Prime Minister Yair Lapid and Public Security Minister Omer Barlev pushed back against criticism of police’s open-fire policies on Monday, after the family of an officer who was fatally rammed a day earlier blamed the regulations for his death.
Early Sunday morning, a Palestinian teenager from the West Bank city of Ramallah was allegedly driving a car he had stolen in the Tel Aviv area and was being pursued by police when he ran over Master Sergeant Barak Meshulam at a checkpoint on Route 4, near the city of Ra’anana.
At the officer’s funeral, his widow interrupted Barlev, who oversees the police, and lamented that the open-fire rules led to his death,
“You don’t give them permission to shoot, you aren’t protecting them. They are like sitting ducks,” she shouted through tears.
During a meeting Monday, Lapid told Barlev that he “fully backs police personnel and the other security forces in their fight against crime and terrorism, and greatly appreciates their daily activity on behalf of the security of the citizens of Israel,” according to a statement.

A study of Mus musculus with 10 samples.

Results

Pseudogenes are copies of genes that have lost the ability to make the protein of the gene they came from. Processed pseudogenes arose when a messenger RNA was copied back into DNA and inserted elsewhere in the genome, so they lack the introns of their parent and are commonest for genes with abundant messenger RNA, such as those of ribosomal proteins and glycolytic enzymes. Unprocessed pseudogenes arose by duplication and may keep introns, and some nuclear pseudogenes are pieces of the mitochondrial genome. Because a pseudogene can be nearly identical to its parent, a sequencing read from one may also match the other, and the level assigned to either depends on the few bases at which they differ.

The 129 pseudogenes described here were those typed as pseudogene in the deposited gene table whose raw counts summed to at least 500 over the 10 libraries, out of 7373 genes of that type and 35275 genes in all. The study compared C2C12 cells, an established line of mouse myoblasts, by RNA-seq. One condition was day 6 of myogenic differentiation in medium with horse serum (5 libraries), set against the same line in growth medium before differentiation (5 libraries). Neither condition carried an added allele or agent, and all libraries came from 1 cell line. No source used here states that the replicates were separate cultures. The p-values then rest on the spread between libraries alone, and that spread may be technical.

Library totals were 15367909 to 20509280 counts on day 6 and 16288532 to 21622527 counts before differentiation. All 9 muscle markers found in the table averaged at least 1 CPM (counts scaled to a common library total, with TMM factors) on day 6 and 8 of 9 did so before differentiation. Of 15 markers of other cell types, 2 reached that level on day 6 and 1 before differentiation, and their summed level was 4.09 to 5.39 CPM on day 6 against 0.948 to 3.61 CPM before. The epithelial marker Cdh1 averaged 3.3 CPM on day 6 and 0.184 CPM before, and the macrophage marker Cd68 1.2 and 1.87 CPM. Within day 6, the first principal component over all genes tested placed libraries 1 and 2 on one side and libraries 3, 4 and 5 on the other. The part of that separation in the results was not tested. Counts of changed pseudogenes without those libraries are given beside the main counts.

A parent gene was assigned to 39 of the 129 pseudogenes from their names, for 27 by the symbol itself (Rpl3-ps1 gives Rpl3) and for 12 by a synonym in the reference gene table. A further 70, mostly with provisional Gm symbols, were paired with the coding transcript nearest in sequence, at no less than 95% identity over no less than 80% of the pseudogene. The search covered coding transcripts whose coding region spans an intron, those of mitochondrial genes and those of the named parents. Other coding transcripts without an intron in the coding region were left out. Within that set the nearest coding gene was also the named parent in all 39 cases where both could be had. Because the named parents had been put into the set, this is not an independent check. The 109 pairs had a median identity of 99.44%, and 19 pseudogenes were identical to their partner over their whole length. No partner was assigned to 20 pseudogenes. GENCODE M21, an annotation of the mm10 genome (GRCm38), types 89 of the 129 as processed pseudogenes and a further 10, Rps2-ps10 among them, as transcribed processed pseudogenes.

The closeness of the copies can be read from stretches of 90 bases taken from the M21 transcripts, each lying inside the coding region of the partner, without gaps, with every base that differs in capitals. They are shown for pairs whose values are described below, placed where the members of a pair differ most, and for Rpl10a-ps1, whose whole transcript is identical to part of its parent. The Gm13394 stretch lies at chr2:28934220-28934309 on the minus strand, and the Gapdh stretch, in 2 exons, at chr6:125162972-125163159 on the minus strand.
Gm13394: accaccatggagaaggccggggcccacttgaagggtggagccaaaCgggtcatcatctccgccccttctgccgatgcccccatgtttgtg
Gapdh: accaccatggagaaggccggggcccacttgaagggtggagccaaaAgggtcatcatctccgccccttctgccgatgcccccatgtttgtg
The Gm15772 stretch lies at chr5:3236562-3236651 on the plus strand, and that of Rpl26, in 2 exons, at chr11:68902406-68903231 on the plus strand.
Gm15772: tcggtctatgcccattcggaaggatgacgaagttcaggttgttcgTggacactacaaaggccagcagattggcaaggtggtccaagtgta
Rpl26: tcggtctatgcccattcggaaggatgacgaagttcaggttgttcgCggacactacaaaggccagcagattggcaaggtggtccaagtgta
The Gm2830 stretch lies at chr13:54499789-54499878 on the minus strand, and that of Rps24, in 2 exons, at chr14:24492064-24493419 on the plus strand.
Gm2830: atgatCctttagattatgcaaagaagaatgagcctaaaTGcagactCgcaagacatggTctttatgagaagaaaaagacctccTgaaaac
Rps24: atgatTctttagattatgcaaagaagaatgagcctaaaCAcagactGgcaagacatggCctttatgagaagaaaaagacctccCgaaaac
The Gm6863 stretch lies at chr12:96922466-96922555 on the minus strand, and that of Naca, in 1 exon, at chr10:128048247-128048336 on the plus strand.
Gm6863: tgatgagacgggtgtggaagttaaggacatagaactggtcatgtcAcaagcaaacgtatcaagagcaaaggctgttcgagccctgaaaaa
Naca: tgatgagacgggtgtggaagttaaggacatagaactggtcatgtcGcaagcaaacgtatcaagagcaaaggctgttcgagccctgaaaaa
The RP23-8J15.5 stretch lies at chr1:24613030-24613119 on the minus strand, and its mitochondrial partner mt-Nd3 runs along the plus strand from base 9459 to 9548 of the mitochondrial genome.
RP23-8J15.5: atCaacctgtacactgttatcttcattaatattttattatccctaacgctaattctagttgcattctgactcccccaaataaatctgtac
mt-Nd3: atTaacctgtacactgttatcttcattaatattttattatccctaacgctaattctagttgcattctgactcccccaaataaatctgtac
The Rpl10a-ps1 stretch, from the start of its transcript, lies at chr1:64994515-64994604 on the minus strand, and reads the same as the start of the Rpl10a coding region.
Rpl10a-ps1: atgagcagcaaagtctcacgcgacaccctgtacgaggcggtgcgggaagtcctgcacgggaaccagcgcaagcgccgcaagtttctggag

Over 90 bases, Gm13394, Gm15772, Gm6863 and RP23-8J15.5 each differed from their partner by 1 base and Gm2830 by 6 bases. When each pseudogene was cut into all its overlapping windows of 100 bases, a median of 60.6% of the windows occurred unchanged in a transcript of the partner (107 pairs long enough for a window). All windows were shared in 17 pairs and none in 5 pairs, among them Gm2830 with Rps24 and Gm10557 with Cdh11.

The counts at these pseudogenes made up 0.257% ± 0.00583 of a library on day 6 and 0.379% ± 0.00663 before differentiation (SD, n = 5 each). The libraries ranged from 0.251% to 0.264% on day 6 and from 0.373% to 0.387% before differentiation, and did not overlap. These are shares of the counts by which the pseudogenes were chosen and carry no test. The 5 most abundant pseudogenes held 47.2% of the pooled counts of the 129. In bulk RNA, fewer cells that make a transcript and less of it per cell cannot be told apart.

The two “emphasized that there is no change in the rules of engagement for police officers and that every officer is authorized to use lethal force if they feel that they are in a situation where lives are endangered.”
After the incident, the second such deadly ramming in a number of weeks, Israel Police chief Kobi Shabtai clarified that officers are permitted to open fire on “anyone who endangers the lives of officers while attempting to break through a checkpoint.”
An unnamed officer at the Kfar Saba station — to which the slain cop belonged — was quoted on Sunday by the Ynet news site as saying: “Until we get permission to shoot in such instances, police officers will continue to be hit and murdered.”
Last month, volunteer police officer Amichai Carmely was killed when he was mowed down by a vehicle at a checkpoint set up to check for drunk drivers in the central city of Rishon Lezion.
Right-wing organizations and politicians have long criticized what they describe as the country’s overly strict open-fire policies, both in the police and military.